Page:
A lot is riding on next week's hotly contested state and gubernatorial elections. All eyes are on Virginia, New Jersey, and, of course, upstate New York's congressional race, where conservative third party candidate Doug Hoffman looks likely to shut out his Republican opponent. For weeks, pundits have argued that the elections represent a referendum on President Obama, Democrats and the direction of the Republican party. But a handful of commentators now say that the sudden zeal for third party candidates like Doug Hoffman reveals a deep disdain for both major political parties. Here's why:

  • 2009, Year of the Third Party Candidate  At Politics Daily, Walter Shapiro says it's a mistake to see the elections in New Jersey and New York as a clear-cut referendum on President Obama. If there's any lesson in them, Shapiro says, it's that voters are rejecting both parties, and partisan politics as a whole. In New Jersey, for example,  Shapiro says the negativity in the Corzine-Christie campaign has led voters to turn to third party candidate Chris Daggett.
The brass knuckle New Jersey gubernatorial race has become a classic none-of-the-above election with both Corzine and his GOP challenger, Chris Christie, consistently boasting higher negative poll ratings than positive ones." Small wonder that independent candidate Chris Daggett -- a moderate Republican who won credibility with his endorsement by the Newark Star-Ledger -- has been scoring in the low double digits in almost all New Jersey polls for a month.
  • Elected Officials Should Be Afraid  At The Fix, Chris Cillizza says the rise in third party candidates should worry Democrats and Republicans, no matter who wins next week's elections. "While Republicans will cast a Hoffman win as a victory for them (it shows an energized GOP base) and Democrats will tout it as victory for their side (it shows a deeply divided Republican party), the truth is that a Hoffman win should send shivers up the spine of anyone who carries 'Representative', 'Senator' or 'Governor' before their name."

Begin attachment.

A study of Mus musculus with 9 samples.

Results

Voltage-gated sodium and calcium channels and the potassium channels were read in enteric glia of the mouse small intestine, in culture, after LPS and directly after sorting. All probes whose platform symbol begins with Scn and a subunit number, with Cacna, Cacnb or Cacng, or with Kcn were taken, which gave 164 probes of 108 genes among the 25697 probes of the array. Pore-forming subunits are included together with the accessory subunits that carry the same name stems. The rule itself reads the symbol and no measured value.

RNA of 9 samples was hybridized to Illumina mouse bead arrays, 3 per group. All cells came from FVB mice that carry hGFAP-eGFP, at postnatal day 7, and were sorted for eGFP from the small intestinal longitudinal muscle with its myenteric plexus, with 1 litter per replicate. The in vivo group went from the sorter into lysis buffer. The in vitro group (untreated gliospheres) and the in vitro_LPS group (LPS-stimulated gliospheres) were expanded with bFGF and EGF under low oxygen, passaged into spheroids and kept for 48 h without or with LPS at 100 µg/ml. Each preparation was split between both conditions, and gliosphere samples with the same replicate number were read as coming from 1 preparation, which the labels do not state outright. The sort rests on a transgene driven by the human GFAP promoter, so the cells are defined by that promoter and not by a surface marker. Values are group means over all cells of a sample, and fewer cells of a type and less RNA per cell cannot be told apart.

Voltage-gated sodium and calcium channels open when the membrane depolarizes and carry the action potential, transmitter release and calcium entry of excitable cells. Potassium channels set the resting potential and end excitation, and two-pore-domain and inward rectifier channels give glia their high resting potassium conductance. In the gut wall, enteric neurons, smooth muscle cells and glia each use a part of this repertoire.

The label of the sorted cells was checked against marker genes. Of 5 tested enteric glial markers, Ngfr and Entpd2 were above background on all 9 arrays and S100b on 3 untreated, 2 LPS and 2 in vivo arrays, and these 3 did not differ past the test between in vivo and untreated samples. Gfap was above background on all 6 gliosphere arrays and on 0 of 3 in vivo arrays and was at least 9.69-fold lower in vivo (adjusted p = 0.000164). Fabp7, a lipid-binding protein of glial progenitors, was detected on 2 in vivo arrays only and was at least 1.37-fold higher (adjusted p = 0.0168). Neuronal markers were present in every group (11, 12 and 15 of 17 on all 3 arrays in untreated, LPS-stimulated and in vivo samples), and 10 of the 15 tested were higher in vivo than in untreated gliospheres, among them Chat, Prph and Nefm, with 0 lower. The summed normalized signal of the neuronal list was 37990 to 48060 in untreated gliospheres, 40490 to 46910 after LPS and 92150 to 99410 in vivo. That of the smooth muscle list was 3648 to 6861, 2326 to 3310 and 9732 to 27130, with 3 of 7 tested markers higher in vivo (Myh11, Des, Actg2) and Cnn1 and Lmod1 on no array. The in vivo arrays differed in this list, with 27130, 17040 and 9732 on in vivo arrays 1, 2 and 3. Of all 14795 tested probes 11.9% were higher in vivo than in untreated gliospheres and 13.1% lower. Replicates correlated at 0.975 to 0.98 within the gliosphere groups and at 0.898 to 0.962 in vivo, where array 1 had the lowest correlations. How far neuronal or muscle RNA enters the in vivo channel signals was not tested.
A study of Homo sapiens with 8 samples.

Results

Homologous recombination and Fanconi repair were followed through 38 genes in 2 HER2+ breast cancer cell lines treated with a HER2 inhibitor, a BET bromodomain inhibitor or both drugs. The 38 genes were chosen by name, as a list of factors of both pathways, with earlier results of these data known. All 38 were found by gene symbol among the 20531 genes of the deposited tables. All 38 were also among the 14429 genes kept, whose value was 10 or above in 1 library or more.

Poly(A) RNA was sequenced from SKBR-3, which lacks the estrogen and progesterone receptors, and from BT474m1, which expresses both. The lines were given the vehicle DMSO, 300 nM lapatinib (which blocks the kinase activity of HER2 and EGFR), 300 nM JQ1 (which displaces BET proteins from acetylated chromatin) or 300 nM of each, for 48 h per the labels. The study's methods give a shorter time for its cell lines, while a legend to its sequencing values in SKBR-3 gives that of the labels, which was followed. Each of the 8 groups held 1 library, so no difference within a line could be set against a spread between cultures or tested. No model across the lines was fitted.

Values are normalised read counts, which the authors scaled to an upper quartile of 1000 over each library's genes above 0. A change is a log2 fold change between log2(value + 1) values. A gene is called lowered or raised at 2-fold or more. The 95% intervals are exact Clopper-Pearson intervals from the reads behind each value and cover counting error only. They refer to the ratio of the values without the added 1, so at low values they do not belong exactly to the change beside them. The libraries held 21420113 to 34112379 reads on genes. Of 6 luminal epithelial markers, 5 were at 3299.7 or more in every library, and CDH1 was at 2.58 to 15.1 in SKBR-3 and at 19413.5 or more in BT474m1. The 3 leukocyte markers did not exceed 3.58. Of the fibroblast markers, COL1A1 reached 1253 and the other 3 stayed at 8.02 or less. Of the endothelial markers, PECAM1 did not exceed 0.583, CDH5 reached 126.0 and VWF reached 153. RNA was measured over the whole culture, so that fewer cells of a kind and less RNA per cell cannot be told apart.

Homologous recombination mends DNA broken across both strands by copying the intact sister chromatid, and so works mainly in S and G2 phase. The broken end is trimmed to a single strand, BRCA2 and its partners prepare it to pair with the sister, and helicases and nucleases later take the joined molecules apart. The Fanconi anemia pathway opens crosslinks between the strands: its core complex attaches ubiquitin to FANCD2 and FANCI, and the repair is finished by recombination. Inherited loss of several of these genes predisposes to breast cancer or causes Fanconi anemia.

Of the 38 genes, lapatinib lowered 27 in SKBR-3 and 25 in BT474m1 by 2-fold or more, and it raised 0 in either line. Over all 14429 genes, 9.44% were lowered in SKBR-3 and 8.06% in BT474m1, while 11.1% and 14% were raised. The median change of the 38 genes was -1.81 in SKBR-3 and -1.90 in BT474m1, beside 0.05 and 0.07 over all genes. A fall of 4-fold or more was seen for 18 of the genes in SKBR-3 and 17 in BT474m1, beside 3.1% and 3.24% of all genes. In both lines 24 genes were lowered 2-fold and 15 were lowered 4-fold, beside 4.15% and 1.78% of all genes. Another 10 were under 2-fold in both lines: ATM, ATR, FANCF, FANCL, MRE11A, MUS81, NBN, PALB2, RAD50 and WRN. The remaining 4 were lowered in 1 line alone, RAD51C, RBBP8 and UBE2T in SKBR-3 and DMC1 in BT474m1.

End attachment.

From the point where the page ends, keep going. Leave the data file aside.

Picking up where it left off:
• Republicans Take Heed  Jennifer Rubin of the conservative Commentary Magazine says Republicans who want to stay in power will have to "ride the wave" of anti-Washington populism that's sweeping the country. "We will see next week who wins and by how much. But one lesson may be clear: Republican candidates will have to tap into the populist, anti-Washington fervor and take-no-prisoners attitude if they are going to unify their party, attract increasingly skeptical independents, and achieve their aims."
  • Conservatives Should Use Third Parties to Advance the Cause  At The Next Right, Patrick Ruffini says he's usually "a strong party guy," but that the Republicans in office aren't sufficiently conservative. He says third parties may offer a way for conservatives to "infiltrate," err...influence the Republican Party.

    What if you were to have promising Republican candidates running in Democratic-lean seats say, a few months out from the election, 'Let me tell you something. I'm just as sick and tired of the Republicans as I am of the Democrats. So, from this moment forward, I'm running as a common-sense, Independent conservative for Congress.'

    [...]From one perspective, this would not be helpful to efforts to tie the Republican brand to a broader sense of popular disgust at the Obama/Pelosi overreach. On the other hand, it might be a way for conservatives to invade the center, and thus control the high ground politically."

  • Doug Hoffman, Conservative Revolutionary  At The Power Line, John affectionately calls NY-23's third party candidate Doug Hoffman a "conservative ideological insurgent."